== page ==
A pickup truck drives along a gravel road in front of badlands formations in southwestern South Dakota. (Makenzie Huber/South Dakota Searchlight)
Steam rose from snow puddles hours after melting across southwestern South Dakota over Easter weekend.
Deer are changing their migration patterns because of drought; magpies have nearly disappeared from the prairie, Native American elders observe.
This is the shifting landscape of the Rosebud Reservation, home of the Sicangu Lakota Oyate, or the Rosebud Sioux Tribe.
Scientists with the North Central Climate Adaptation Science Center in Colorado partnered with the tribe for a multi-year study of how the reservation’s environment will change in the next century.
The changes threaten the tribe’s economy, such as ranching cattle and bison, and tribal members’ lives with worsening storms like the December 2022 storms that killed six people, including a 12-year-old child. The changes prompted the tribe and scientists to create a Climate Adaptation Plan, which was released in 2022 and will be implemented beginning this year.
The plan urges the tribe to expand food sovereignty and local processing facilities, promote habitat conservation, plant trees and native plants, and build a climate center, among other recommendations.
“Each generation born is responsible for the next seven generations,” said Phil Two Eagle, executive director of the Sicangu Lakota Treaty Council and leader of the Rosebud Sioux Tribe climate change working group. “The Lakota concept of a generation is 72 years, so if you multiply that by seven that’s 504 years we are responsible for today.”
What do scientists predict will happen?
The Rosebud Sioux Tribe was awarded a nearly $1.7 million federal grant in 2022 to implement the adaptation report and build the Sicangu Climate Center. The center will track environmental changes and store data. Tribal leaders expect it’ll be operational within five years.
But already, preliminary findings highlight the urgency to act, Two Eagle said.
The region is seeing a steeper increase in precipitation than the rest of the world, yet hotter temperatures and worsening droughts in the summer with higher potential of wildfires.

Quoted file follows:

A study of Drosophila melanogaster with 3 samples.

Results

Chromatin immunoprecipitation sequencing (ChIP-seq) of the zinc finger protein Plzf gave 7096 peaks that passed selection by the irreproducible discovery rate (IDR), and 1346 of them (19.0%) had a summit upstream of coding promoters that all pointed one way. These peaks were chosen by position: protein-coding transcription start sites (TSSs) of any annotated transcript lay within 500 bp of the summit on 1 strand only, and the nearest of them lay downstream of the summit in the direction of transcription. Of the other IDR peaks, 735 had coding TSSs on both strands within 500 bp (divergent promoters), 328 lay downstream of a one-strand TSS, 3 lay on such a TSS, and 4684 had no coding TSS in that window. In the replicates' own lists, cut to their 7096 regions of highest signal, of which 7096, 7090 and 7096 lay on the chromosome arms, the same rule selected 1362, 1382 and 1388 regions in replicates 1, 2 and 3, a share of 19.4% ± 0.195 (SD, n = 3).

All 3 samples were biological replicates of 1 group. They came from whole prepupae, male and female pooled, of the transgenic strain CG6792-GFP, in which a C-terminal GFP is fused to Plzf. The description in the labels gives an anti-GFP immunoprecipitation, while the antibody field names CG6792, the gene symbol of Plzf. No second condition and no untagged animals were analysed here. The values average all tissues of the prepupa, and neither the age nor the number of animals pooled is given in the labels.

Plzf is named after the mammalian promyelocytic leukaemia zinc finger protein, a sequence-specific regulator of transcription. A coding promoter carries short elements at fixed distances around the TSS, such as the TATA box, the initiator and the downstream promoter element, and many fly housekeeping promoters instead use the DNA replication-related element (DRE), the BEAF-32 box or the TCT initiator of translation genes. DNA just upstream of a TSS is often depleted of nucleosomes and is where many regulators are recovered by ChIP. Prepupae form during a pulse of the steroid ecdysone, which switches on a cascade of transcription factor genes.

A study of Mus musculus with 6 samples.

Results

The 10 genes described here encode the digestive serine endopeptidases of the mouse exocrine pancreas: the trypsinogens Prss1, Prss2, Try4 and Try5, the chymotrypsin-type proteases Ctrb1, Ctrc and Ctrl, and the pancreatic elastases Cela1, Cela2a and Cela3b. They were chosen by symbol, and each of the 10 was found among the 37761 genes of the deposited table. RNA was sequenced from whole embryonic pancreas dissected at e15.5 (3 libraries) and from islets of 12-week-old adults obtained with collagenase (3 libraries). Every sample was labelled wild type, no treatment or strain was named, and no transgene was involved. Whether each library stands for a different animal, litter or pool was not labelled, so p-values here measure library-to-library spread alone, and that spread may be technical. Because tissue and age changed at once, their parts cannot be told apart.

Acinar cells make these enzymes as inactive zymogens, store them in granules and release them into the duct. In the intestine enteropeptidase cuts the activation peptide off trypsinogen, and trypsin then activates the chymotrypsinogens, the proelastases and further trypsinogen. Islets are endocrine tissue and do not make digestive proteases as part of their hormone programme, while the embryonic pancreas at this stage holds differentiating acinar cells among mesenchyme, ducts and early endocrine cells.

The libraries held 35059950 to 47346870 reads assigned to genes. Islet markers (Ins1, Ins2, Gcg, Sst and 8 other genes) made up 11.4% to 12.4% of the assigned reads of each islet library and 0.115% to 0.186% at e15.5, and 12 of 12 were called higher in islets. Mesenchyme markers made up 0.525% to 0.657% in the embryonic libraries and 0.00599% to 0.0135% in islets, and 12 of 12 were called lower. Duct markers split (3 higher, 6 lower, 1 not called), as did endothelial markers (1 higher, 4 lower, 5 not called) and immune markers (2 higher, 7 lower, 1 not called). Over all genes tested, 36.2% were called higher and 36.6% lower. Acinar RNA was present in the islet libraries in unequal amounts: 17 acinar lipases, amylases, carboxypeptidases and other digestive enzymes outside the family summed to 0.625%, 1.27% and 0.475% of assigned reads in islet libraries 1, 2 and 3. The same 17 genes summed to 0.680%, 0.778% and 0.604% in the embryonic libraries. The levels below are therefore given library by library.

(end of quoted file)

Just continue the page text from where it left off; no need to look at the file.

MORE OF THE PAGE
In the last 30 years, only six years saw annual precipitation totals less than the 20th century average on the reservation, said Robin O’Malley, retired director of the North Central Climate Adaptation Science Center who worked on the report, during a webinar presentation.
That’s leading to the steam rising from puddles, or evapotranspiration, which is when moisture is evaporated from the ground and air. It’s happening “to a degree not seen before,” O’Malley said, and it’s leading to wet springs and falls but dry summers.
“The notion of drought just being a lack of water is no longer how we think about it,” O’Malley said. “It’s a combination of lack of water at higher temperatures and lower relative humidity that actively sucks water out of the air.”
Precipitation changes will change what grows in the area, O’Malley added. The report suggests the grassland will shift to a shrub-covered landscape, which will affect not only what grows in the area but what livestock and wildlife can survive.
Protecting the Oyate
Once the climate center is operational, that’ll give Rosebud Sioux “bulletproof” and “court-quality” data to defend their rights as a sovereign nation and gain partnerships, O’Malley said, including water right claims.
“We’ve seen people come after the resources the tribes have before and take them away, so they need to be watchful of that,” he added.
The report highlights the risk to communities and Indigenous culture and knowledge. Paula Antoine, director of the Sicangu Oyate Land Office, is encouraging tribal members to forage and harvest native plants, such as sage, to encourage growth. Such plants and medicine central to Lakota culture must be protected and their importance documented, she said.
The tribe has also been in the process of planting thousands of trees in the last few years, following a series of 2012 fires that burned over 45,000 acres of forested land in the southwestern part of the reservation.
Proposals in the report include ensuring all homes have reliable sources of heating and cooling, improving substandard housing and considering rooftop solar energy. It also encourages the tribe to strengthen food sovereignty and produce energy in the community to sustain its own grid — “produce what we consume,” according to Two Eagle.
“We’re thinking about the survival of our people, protecting our lives and property — our homes, our land, our water, our resources,” he said.
While the Rosebud Sioux Tribe is the first tribal nation in the northern great plains to create a climate adaptation plan, the tribe plans to share its knowledge with other tribes in South Dakota and other governmental entities, Antoine said.
“Just because we have a reservation boundary or a state or county boundary, doesn’t mean climate change is going to stop there,” Antoine said. “We need to work together and combine our efforts to help the people of our region and help our neighbors.”